Planning for Alternative Delivery

Over the last year, almost every strategic technology planning discussion or project in which I participated focused in large part on alternative delivery planning. Most banks are asking a variant of two questions: How do we decide which technology to deploy, and in what order, to generate the greatest positive impact to our current business model? And, in the future, how do we assess the new technology or functionality as it becomes available?

Creating and maintaining an alternative delivery plan that is aligned with the bank’s strategic goals can help answer both of these questions. Such a plan helps banks address the many factors that influence the allocation of limited investment dollars among a complex array of choices. A problem that can occur is the lines begin to blur between retail, small business and commercial users as customers ask for access to new features and functionality through alternative channels, which puts pressure on current fee structures.

For example, high-net-worth individuals may be retail customers but desire access to wire transfer functionality normally reserved for commercial clients, who pay a fee for the service. Meanwhile, sole proprietors, or small business clients, want to view both their retail accounts and business accounts in the same profile. While not all solutions are created equal, the latest offerings from vendors provide that needed additional functionality, though generally with greater cost.

An alternative delivery plan generally comprises the following four steps, with the first three necessary for the creation of the fourth:

  • Perform an Information Technology (IT) staff and system assessment against peers and best practices. What is the state of your IT environment? Are there any gaps that need to be filled so that any strategy adopted by the bank can be supported by IT? Does the tech staff have the right makeup in terms of numbers and skill sets?
  • Conduct a competitive market analysis focusing on alternative delivery offerings for retail, small business and commercial customers. What are local, regional and national competitors offering in terms of online banking functionality; mobile access and functionality; access to support through chat; call center hours and services; phone banking functionality; and the fees, features and number of ATMs? This analysis can also identify some quick-win opportunities, like bringing foreign ATM fees in line with the competition. The bank may be able to bring itself to par with the competition with modest changes to offerings.
  • Create detailed strategic technology plans by business line. A three-year plan is typical, where the business lines, using their corporate strategic goals as a guide and with the help of IT, outline what they believe their technology initiatives and IT resource requirements will be over the period of the plan. IT uses these plans to address any existing technology gaps for the business lines. The technology plan also allows IT to predict and schedule the resources necessary for the new business initiatives to ensure their successful completion or implementation.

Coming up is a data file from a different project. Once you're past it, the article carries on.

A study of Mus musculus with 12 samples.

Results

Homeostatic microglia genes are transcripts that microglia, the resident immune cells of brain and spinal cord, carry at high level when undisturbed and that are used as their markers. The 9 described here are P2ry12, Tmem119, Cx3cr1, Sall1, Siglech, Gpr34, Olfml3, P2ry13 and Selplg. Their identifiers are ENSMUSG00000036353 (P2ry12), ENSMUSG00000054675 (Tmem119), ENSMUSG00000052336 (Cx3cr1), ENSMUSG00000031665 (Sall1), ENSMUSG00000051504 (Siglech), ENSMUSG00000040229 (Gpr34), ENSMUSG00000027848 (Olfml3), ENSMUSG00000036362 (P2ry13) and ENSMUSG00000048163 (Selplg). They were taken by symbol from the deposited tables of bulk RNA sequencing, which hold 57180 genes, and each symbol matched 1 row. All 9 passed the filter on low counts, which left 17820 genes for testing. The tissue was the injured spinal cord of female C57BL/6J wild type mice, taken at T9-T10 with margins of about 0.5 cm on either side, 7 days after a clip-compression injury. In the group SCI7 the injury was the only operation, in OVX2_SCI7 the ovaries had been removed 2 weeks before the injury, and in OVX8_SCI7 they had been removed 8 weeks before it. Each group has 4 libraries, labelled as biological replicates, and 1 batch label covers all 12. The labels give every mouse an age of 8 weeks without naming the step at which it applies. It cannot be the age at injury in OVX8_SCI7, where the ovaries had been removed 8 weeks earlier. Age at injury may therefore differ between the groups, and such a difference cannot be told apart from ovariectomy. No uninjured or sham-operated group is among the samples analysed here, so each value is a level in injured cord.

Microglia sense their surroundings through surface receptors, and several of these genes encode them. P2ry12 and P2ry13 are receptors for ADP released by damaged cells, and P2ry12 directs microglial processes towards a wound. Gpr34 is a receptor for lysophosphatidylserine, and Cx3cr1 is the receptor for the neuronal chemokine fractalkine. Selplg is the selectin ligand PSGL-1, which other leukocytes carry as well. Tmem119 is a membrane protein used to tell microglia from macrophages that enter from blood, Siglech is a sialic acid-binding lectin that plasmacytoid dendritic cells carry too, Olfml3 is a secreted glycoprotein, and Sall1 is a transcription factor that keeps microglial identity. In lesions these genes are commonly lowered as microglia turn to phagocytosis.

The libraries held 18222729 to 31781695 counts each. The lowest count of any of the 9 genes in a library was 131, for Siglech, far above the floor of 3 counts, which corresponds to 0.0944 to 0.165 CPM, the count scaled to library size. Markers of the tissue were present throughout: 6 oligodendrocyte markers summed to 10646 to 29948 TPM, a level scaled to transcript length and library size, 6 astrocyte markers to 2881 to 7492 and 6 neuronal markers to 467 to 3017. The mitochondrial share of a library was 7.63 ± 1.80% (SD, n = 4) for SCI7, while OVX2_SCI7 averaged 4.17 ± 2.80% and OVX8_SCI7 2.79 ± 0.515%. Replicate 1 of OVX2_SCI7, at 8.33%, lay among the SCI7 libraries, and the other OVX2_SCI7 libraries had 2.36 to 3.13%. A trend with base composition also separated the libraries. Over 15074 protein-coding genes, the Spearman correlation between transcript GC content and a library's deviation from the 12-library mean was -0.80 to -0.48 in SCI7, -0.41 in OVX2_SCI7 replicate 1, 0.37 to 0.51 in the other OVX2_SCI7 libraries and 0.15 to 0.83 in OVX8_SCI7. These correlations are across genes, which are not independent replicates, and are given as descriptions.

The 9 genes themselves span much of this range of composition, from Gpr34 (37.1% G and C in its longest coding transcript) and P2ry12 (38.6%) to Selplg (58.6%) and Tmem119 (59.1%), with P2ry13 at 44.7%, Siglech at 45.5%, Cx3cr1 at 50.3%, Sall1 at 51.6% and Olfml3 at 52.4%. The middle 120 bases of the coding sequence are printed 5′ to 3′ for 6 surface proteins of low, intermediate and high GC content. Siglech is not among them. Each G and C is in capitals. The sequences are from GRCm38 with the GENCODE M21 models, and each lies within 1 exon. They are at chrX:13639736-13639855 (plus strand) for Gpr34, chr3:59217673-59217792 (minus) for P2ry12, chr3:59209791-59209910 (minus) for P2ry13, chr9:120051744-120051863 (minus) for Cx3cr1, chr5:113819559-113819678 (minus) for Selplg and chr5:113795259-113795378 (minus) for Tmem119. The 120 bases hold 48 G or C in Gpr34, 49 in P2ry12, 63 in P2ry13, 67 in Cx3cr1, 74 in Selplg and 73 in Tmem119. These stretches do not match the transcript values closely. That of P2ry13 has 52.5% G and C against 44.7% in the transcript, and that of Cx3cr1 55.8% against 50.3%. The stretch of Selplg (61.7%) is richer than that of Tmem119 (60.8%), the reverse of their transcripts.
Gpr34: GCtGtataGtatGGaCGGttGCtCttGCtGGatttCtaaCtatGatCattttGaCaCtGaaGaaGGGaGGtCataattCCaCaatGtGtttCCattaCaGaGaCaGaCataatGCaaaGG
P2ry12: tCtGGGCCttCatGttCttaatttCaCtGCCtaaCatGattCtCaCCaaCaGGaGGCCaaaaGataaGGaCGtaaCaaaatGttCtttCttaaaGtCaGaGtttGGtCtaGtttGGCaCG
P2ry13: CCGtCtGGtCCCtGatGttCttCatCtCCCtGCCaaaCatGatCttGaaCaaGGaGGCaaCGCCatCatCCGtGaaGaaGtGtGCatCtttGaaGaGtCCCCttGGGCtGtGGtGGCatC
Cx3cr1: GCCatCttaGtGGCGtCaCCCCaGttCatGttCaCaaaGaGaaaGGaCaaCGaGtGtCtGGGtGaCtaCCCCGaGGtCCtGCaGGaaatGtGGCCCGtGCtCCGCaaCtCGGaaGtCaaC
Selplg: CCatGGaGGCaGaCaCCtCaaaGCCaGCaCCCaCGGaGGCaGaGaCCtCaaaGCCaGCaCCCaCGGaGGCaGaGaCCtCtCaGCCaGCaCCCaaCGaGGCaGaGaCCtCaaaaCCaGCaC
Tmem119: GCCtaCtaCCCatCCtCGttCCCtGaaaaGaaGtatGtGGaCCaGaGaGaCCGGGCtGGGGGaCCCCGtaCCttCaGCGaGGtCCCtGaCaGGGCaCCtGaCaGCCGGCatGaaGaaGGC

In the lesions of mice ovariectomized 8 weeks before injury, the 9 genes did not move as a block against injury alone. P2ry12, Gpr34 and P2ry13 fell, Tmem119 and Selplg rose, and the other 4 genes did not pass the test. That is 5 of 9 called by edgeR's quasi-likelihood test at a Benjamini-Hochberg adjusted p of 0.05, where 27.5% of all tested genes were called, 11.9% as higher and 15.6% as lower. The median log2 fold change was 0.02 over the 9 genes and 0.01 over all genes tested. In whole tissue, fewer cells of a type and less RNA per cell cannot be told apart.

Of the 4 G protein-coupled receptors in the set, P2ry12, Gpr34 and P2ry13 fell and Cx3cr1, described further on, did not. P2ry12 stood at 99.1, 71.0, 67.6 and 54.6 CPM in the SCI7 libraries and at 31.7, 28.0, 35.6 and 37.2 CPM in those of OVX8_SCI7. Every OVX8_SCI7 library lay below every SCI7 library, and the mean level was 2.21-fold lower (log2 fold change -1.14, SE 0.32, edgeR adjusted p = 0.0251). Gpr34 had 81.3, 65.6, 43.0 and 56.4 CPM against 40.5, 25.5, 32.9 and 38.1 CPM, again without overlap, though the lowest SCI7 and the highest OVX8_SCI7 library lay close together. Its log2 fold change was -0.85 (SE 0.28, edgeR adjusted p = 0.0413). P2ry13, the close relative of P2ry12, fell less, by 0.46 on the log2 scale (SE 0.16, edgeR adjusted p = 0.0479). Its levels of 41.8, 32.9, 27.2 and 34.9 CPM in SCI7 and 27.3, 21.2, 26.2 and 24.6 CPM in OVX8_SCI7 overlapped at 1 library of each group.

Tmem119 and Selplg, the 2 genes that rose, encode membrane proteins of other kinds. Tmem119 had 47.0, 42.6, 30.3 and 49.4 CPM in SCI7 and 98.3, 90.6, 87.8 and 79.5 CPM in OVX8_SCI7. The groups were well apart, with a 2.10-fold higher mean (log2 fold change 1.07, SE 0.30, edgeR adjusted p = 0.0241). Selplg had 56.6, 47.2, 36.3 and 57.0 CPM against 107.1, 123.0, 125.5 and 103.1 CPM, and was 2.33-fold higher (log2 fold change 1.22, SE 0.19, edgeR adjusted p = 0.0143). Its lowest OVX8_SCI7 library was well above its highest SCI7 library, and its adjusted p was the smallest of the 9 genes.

• Develop a combined, prioritized list of initiatives and a timeline aligned with the goals of the individual business lines. This is the alternative delivery plan. Using the bank’s strategic goals as a guide, the plan outlines what alternative delivery investments IT and the business lines will make to help the business lines meet those goals.

The newly minted alternative delivery plan can now provide a context by which all new technology and functionality can be judged. Questions to ask include: Does this new technology help us attain our strategic goals? Will customer acceptance of this new technology cause us to rethink our current investment priorities? How much time will pass before this new technology becomes a must-have for the bank, if ever? These questions and others can be answered relatively quickly by consulting the plan.

In an ideal world, the plan would be a living document, updated as quickly as business conditions and strategies change. In practice, updates do not happen that quickly. An annual review is best practice. The practice fosters greater engagement and communication between IT and the bank’s business lines – a win for all involved.

Alternative delivery channels bring both opportunities and challenges to banks. Creating and maintaining an alternative delivery plan that is aligned with the bank’s strategic goals allows banks to focus their investment dollars and IT resources on those technologies or features that will help them meet those strategic goals.

Mr. Daley is a senior consultant for Cornerstone Advisors, a Scottsdale, Ariz., based consulting firm specializing in bank management, strategy and technology advisory services. He can be reached at [email protected].